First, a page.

Here’s Why Media Outlets Won’t Report The Actual Percentage Of False Rape Allegations

Written by Kenn Daily on November 27, 2018

The actual number of false allegations is 5.9 percent.

But what if the headline had read, “10% of sex abuse allegations are fake”?

The ten percent is based on the study’s abstract, which reads, “…the prevalence of false allegations is between 2% and 10%.”

So let’s go with the high end: 10 percent.

Is that honest? Not really.

What if we had reported the low end; 2 percent?

Would that be dishonest?

Maybe we should ask the author of a Washington Post article who asserted:

In fact, studies indicate that the prevalence of false accusations of sexual assault is as low as 2 percent.

So why would Patterson focus so much attention on a 2 percent non-issue while brushing past the 98 percent epidemic?

At issue is Paige Patterson, the Southern Baptist icon The author’s beef with Patterson is the minister’s assertion that not all #metoo allegations are genuine.

Patterson was fired for alleged misconduct. No trial. No jury. No conviction.

Patterson’s alleged failure was not sexual impropriety. Rather, the minister and former president of Southwestern Baptist Theological Seminary (SWBTS) was fired “for a history of misogynistic comments and mishandling of sex abuse allegations.”

Apparently, a female claimed to have been raped. She allegedly reported the alleged rape to Patterson who allegedly failed to report the allegation to government authorities; the police. Why the alleged victim didn’t report the alleged rape to police was not addressed.

Patterson lost his job and his retirement.

So the correct number is 5.9 percent. It’s not 10 percent. It’s not 2 percent. It’s 5.9 percent.

There is another questionable statistic cited by the article. We are told, “…he was publicly asked to resign by 3,500 women in his own denomination”.

Seriously? Exactly 3,500 women? Not 3,499 or 3,501? Exactly 3,500?

Large round numbers are often inaccurate because they are estimates. What’s more, the author offered no citation that I saw for the big round number.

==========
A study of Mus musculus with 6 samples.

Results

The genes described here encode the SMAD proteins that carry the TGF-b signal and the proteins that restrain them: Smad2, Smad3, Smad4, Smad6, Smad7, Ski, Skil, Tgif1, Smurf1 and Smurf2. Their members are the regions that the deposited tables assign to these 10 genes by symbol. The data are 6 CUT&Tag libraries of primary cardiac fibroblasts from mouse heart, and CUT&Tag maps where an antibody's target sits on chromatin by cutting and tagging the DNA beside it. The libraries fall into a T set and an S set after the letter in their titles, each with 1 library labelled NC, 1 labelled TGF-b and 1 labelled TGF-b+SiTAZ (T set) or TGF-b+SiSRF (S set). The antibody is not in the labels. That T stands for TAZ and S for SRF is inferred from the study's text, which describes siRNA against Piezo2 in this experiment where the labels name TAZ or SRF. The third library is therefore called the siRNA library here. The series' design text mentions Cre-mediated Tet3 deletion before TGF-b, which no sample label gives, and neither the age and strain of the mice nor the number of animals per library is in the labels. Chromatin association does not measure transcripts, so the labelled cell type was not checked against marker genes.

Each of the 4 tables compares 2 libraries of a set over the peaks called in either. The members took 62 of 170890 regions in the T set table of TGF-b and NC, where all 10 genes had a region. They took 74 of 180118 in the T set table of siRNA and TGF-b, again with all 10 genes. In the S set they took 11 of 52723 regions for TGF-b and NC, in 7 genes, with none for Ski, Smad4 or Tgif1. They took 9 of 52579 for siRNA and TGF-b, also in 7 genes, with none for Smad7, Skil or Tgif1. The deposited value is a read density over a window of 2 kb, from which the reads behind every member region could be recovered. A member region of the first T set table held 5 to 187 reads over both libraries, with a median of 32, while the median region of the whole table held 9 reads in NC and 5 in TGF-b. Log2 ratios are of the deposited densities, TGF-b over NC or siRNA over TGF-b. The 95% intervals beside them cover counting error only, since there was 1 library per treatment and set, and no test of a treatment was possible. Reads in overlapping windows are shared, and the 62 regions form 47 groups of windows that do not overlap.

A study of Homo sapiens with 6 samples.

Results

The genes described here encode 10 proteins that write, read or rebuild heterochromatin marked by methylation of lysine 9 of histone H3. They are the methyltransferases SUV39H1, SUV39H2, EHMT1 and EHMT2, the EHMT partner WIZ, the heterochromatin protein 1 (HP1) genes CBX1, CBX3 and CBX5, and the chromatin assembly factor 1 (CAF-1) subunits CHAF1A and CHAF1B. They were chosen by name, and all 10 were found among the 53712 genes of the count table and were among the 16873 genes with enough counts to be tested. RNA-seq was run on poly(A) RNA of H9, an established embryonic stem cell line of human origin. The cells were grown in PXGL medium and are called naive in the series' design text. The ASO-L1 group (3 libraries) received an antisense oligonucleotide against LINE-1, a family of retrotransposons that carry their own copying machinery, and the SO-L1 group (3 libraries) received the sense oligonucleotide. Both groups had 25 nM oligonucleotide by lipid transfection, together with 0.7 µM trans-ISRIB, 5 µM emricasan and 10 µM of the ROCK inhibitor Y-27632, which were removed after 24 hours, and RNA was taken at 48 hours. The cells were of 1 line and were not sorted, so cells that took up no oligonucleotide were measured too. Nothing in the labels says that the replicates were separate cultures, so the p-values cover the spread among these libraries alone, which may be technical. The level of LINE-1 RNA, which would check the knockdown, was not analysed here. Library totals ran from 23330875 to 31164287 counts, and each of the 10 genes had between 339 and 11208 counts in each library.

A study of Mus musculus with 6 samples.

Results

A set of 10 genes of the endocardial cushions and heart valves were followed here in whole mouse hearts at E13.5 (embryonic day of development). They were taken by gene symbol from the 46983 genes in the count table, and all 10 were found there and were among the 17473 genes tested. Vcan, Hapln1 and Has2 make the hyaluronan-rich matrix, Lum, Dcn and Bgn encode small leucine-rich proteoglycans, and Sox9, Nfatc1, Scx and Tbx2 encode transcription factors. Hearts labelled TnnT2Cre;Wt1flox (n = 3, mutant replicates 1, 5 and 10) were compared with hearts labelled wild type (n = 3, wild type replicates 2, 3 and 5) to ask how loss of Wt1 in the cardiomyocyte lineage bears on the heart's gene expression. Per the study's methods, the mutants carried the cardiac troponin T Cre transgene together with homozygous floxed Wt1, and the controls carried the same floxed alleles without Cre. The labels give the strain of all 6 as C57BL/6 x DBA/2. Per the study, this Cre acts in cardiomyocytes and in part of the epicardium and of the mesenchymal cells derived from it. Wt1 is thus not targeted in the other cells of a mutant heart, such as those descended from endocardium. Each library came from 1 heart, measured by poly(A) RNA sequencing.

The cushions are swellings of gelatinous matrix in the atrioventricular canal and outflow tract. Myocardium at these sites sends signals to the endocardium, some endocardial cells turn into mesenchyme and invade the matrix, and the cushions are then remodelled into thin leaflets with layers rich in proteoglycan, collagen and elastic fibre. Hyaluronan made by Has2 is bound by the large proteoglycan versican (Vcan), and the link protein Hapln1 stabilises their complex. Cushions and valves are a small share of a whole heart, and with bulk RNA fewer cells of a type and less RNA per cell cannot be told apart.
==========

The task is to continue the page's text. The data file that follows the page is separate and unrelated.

Apparently, there was an online petition circulated “which grew from 100 to more than 1,000 signatories on Sunday night” that was addressed to the trustees at SWBTS. The petition apparently started in April 2018, demanded the resignation of Patterson. By the time the “two percent” article was published in September the number had apparently “swelled” to 3,500 signatories over five months.

Consider there are 16-million Southern Baptists (Google it). Assuming half of the membership is female, 3,500 represents barely 4/100 of a percent. Check my math.

Questions arise:

Who signed the petition? How do we know they are actually members of Southern Baptist Churches? How do we know they signatories are not cultural Marxist activists posing as Southern Baptists? How many of these signed the petition multiple times? How do we know they were women?

The bottom line is this: Evangelicals remain a thorn in the side of the far left. Evangelical women are particularly bothersome to the far left.

It appears the cultural Marxism cult is infesting evangelicalism by using the #metoo movement as the vehicle and Southern Baptists as it prime target of choice.

Another Salem Witch Trial? Not really. At least the accused in Salem were afforded a trial.

Kenn Daily
Kenn Gividen (aka, Kenn Daily) is the publisher of Now 64 years old, Kenn formed his conservative views at the age of 14 and was an early member of Young Americans for Freedom. He is a vociferous anti-racist but sets himself apart from most conservatives by refusing to be bullied into silence regarding racial issues. Violent black crime is a signature issue of his website. Kenn is a semi-retired business owner. He lives in Indiana with his wife of 40 years. He has two grown children -- a daughter and son -- four grandchildren, and two granddogs.